The Soft Belly of Africa

In Foreign Policy, International Development on December 12, 2006 at 6:07 am

I wrote about this last summer – about the Darfur crisis in Sudan spreading instability throughout the region. The International Herald Tribune posted this article, with one of the most disturbing pictures I have seen in a long time – especially since my kids are this poor girls age…

What can be done in this region?

Central African Republic has basically been a failed state without an outrageous crisis, so it has languished in desperate obscurity for the last few decades. The only thing I really know about it is those in the know call it the C-A-R and their main 1970’s era “big-man” leader is rumored to have cannibalized his people. Sudan is what it is, in some ways a booming, successful country (see Glittering Towers in a War Zone) but in other ways a total hell for its people. Chad is teetering on the edge of being a true failed state, but seems to be holding itself together better than CAR or Sudan.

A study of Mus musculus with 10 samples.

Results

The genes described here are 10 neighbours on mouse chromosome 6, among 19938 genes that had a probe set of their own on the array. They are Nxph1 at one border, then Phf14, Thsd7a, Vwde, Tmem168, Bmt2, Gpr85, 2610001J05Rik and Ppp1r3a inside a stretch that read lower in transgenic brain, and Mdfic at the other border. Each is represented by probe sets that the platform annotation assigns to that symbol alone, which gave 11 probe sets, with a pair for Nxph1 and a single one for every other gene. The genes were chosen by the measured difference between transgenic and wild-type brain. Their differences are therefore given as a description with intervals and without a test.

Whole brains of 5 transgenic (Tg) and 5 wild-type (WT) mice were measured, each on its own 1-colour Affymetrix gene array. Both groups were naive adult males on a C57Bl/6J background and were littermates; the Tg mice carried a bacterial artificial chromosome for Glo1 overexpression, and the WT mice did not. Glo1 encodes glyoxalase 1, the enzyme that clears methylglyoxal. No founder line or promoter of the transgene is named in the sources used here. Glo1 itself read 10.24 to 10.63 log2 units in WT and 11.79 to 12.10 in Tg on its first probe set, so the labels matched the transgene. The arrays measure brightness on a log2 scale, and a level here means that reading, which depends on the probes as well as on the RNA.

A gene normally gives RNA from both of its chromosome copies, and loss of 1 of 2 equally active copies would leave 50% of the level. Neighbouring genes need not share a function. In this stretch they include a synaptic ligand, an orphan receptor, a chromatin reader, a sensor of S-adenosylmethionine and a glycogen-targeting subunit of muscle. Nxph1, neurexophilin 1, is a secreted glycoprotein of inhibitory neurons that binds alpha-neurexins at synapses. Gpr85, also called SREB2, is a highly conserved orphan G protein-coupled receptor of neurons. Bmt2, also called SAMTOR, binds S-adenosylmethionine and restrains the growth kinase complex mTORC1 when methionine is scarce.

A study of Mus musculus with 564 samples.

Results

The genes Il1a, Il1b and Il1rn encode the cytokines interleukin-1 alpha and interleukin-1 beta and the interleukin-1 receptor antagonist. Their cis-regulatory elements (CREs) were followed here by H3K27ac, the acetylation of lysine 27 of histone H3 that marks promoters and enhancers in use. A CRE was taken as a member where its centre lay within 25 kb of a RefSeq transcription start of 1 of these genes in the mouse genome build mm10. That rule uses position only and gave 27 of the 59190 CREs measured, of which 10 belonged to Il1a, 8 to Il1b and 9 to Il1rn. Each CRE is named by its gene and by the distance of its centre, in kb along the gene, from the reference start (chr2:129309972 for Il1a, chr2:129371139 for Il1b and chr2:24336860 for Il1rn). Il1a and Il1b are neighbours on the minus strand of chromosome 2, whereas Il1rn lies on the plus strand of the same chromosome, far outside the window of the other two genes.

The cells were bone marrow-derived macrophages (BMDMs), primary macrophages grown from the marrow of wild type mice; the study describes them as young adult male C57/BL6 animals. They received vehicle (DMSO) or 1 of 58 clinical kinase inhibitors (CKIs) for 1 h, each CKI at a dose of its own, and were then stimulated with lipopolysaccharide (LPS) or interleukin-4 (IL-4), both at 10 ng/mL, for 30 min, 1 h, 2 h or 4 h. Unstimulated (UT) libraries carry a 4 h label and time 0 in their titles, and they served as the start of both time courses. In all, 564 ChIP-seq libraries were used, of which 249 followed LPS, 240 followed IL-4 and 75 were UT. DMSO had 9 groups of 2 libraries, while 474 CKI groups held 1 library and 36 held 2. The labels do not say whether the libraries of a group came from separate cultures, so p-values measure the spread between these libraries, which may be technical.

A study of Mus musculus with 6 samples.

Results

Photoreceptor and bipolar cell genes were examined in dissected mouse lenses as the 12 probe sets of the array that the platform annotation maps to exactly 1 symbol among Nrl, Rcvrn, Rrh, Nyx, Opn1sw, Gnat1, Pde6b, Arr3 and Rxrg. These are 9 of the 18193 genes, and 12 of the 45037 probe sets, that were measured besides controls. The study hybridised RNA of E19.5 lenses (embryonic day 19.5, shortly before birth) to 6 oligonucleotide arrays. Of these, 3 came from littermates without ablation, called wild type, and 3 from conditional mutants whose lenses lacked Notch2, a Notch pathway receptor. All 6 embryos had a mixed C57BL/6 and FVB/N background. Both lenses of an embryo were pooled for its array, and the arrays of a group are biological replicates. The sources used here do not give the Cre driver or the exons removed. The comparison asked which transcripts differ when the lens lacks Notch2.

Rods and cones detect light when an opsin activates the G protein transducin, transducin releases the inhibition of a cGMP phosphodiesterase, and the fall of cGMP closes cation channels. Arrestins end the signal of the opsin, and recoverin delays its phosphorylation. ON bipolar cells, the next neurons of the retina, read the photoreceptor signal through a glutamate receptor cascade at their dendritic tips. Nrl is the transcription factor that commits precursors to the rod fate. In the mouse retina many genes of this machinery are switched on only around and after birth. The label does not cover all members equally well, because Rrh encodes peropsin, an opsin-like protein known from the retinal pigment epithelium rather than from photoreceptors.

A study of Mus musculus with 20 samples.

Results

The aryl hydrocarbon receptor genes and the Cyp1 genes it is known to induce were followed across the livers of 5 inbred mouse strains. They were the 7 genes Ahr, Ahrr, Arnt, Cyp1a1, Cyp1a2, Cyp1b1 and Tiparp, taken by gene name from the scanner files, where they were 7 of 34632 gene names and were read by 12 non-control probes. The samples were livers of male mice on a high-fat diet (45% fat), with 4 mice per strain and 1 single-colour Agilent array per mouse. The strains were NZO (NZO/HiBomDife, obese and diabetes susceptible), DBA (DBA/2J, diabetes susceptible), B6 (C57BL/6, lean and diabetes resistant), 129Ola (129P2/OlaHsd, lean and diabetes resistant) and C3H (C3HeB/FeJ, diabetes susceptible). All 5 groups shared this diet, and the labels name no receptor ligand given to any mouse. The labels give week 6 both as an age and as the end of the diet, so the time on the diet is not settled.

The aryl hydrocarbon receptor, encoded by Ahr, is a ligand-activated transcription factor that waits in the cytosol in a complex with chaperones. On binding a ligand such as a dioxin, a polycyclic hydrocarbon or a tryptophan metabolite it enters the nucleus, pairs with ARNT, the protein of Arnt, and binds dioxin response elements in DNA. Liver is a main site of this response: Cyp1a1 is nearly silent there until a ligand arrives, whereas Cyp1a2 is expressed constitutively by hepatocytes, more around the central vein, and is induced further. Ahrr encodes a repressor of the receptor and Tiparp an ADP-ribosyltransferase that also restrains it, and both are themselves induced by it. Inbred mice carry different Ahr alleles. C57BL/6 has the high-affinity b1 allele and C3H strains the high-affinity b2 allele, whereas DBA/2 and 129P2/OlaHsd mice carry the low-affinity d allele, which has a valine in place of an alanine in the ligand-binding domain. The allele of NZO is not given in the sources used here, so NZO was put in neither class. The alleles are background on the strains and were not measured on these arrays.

How can we find the political will to help get central Africa in order? I don’t mean in western or American order – not in an imperialist sense. I mean really helping the people out in a truly sustainable way.

This is so much more challenging than helping a country like Niger, which for all its statistics still has a functioning government and a country that is relatively easy to get around. What do you do for an even more foreign, inaccessible, and extremely complicated place like Central Africa? I wish I had the answer.

There’s just no international cavalry any more, if there ever was. I get sad thinking about the fact that – and I would bet anyone this is true – that there are probably millions of people in these regions who think, “If only Americans would notice, they would be able to fix this. Americans have so much, they can surely spare enough for us…” I really sincerely wish there was some kind of win-win scenario where a little extra effort on my country’s part would help untangle the region.

My guess is that a lot of people see only the problem and not the system that perpetuates the problems. The problems stem from ingrained corruption (so throw the bums out – hold a diplomatic effort to create elections in CAR & Chad), and especially from poverty and scarce resources (so spend just a few extra million in aid money in CAR and Chad especially to bolster institutions and infrastructure and America’s image.)

To paraphrase James Baker, we really do have a dog in this hunt.